How to Lower Your Cholesterol Naturally

Cholesterol naturally occurs in the body.  Good health is linked to having the right amounts of cholesterol in the blood.  But people worry about high levels of blood cholesterol, because it plays a major role in heart disease, stroke and clogged arteries.  People with inherited family traits for high cholesterol levels worry that the body will naturally make too much of it. To avoid the cost and side effects of drugs, many people want to keep levels low through natural means.

Controlling levels of cholesterol is challenging because of the body’s ability to make its own.  Natural methods for reducing high cholesterol are an important part of staying well, where drug therapies alone may not give you the healthy outcome you want most.

What is Cholesterol?

Cholesterol is a soft fatty substance in the bloodstream.  The liver produces cholesterol and the body absorbs it from foods coming from animal sources.  Meat, fish, cheese, milk products, and eggs all contain cholesterol.  Foods from plants do not contain cholesterol.

Every cell in our body contains cholesterol (in cell membranes), and it’s a necessary part of maintaining health.  But because it travels in the blood stream, too much cholesterol can cause problems for blood circulation and heart health.  It travels in particles called lipoproteins.  The “good” cholesterol and “bad” cholesterol measured with blood tests refers to the two types of lipoproteins in the cells.  The truth is, a healthy body needs the right amount of both lipoproteins in the blood.

The two types of cholesterol proteins in the blood are: low density lipoprotein, and high density lipoprotein.

Low Density Lipoprotein, or LDL, is commonly known as “bad” cholesterol because it can build up on the lining of blood vessels.  LDL forms deposits with other particles on the lining of arteries, a coating known as plaque.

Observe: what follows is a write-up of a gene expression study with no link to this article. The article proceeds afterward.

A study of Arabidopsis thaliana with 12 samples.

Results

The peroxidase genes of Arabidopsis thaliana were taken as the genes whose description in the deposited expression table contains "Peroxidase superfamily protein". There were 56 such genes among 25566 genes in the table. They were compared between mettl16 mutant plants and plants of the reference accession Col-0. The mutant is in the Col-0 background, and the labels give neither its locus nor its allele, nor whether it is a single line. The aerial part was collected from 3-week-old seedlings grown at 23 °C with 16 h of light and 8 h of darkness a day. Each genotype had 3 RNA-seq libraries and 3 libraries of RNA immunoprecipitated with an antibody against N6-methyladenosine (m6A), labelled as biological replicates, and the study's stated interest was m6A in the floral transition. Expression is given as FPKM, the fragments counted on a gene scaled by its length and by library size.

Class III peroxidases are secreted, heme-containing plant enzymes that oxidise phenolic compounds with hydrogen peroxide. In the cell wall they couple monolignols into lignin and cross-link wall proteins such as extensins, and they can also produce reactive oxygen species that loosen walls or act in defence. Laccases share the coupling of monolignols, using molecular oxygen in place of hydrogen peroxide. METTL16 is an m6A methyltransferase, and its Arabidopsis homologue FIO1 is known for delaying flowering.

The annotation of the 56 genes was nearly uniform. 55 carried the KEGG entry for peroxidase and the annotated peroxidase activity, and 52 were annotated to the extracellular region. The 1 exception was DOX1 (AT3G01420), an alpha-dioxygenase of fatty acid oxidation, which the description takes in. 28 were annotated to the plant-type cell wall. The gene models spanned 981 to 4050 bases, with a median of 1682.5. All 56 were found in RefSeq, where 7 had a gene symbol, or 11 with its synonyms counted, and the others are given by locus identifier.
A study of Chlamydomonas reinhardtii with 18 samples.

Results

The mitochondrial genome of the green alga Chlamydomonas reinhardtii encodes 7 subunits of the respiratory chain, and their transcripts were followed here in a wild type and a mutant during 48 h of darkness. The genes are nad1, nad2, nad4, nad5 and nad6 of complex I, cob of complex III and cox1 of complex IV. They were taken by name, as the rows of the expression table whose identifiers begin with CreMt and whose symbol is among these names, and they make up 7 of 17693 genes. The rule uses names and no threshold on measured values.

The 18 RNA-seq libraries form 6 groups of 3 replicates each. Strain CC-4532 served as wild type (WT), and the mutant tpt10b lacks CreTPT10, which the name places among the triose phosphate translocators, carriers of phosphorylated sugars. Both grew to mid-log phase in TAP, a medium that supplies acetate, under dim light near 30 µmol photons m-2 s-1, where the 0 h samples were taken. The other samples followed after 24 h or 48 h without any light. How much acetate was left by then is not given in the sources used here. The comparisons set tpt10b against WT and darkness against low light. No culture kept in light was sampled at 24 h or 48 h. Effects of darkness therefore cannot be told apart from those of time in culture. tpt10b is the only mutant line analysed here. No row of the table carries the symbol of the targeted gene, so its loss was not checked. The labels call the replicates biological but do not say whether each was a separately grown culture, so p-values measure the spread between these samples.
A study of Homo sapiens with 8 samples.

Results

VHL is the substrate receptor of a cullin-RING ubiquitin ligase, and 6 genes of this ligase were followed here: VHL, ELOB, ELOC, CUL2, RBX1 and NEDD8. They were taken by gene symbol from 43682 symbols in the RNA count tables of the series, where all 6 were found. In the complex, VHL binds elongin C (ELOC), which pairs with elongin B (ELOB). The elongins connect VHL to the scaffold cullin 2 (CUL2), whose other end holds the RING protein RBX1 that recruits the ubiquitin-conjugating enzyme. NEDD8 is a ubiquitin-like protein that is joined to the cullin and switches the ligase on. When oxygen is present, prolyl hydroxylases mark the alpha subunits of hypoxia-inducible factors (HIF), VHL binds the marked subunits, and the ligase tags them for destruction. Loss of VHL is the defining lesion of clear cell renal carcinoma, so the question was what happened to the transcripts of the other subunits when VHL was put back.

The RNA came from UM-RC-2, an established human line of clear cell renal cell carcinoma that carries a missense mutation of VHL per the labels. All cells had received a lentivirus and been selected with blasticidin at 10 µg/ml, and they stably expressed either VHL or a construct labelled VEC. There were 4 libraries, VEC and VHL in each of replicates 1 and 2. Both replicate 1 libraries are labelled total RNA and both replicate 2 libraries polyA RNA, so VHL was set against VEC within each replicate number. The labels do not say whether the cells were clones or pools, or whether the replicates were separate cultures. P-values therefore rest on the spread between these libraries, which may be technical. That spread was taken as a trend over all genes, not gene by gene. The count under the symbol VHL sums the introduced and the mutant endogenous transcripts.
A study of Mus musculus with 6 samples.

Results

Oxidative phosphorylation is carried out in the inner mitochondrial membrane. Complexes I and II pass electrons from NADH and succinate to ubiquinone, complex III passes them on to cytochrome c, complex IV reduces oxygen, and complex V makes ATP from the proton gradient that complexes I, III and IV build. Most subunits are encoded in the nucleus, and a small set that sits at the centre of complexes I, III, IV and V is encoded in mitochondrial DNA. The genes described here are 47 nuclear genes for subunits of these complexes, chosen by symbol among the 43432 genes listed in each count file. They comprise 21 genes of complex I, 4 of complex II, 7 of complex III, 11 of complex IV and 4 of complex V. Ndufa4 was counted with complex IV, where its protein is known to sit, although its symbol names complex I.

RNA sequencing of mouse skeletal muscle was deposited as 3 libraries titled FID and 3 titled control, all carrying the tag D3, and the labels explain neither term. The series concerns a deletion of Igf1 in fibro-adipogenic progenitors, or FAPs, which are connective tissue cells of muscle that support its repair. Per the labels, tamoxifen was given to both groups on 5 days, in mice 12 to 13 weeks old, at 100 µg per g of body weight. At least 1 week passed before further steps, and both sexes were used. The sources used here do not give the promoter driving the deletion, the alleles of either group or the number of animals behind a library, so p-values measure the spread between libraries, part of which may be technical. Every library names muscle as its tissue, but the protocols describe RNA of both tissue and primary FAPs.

Plaque buildup over time can cause a number of serious health conditions and risks. These include hardened arteries, heart disease, heart attack and stroke.

Lowering high levels of LDL can reduce plaque buildup, or even stop it.  At the Optimal Wellness Center of Franklin Lakes, New Jersey, Dr. Betty Keller orders blood tests and helps patients learn and understand their cholesterol levels. According to The National Institute of Health, the recommended optimal level of LDL is below 100mg/dL.

High Density Lipoprotein, or HDL, is commonly called the “good” cholesterol.  This protein carries cholesterol from other parties of your body back to the liver.  The liver then removes the cholesterol from the body with bile. The higher your HDL, the lower your risk of heart disease. According to The National Institute of Health, people with cholesterol >60 mg/dL have a lower risk of heart disease. Those with HDL<40 mg/dL have a higher risk.

Healthy Lifestyle Choices to Control Cholesterol Levels

High LDL levels can occur because of your own body chemistry.   But even so, you can prevent high levels of bad cholesterol by choosing physical activities and foods carefully.  A healthy diet and regular exercise can significantly decrease your cholesterol levels, and lower your risk of heart attack and stroke.   Still, in some cases, your body may need some drug therapy, in addition to lifestyle changes, to lower your cholesterol to healthy levels.

Which Lifestyle Choices Lower “Bad” and raise “Good” Cholesterol?

1) Weight Loss: If your body is somewhat overweight, losing extra weight is one of the best things you can do to improve your cholesterol levels.

Even small amounts of weight loss can help meaningfully: taking off only 5 to 10 pounds can lower blood cholesterol.

2) Enjoy heart-healthy physical activity: As little as 30 minutes a day of appropriate exercise not only lowers bad cholesterol, it can raise good cholesterol.  It improves balance, strength, and can make the difference between dependence and independence in later years.

If you’re just starting out, your doctor can help you choose the right types of activities at the right intensity to begin.  Appropriate exercises can be rhythmic, repetitive activities that get your circulation going at a healthy intensity for you.  Walking, aerobic dancing, cycling with family or friends can all become part of a healthy lifestyle.  One that’s naturally low in cholesterol.

Dr. Betty Keller works with patients from New York City, Northern NJ and Bergen County NJ to lower cholesterol and promote health, at the Optimal Wellness Center.  Her therapeutic approach combines traditional medicine, dietary changes, nutritional supplements, and acupuncture.  Patients receive effective, personalized treatment plans to prevent chronic disease.  For an in-person consultation in her Franklin Lakes, NJ office, contact 201-485-7930.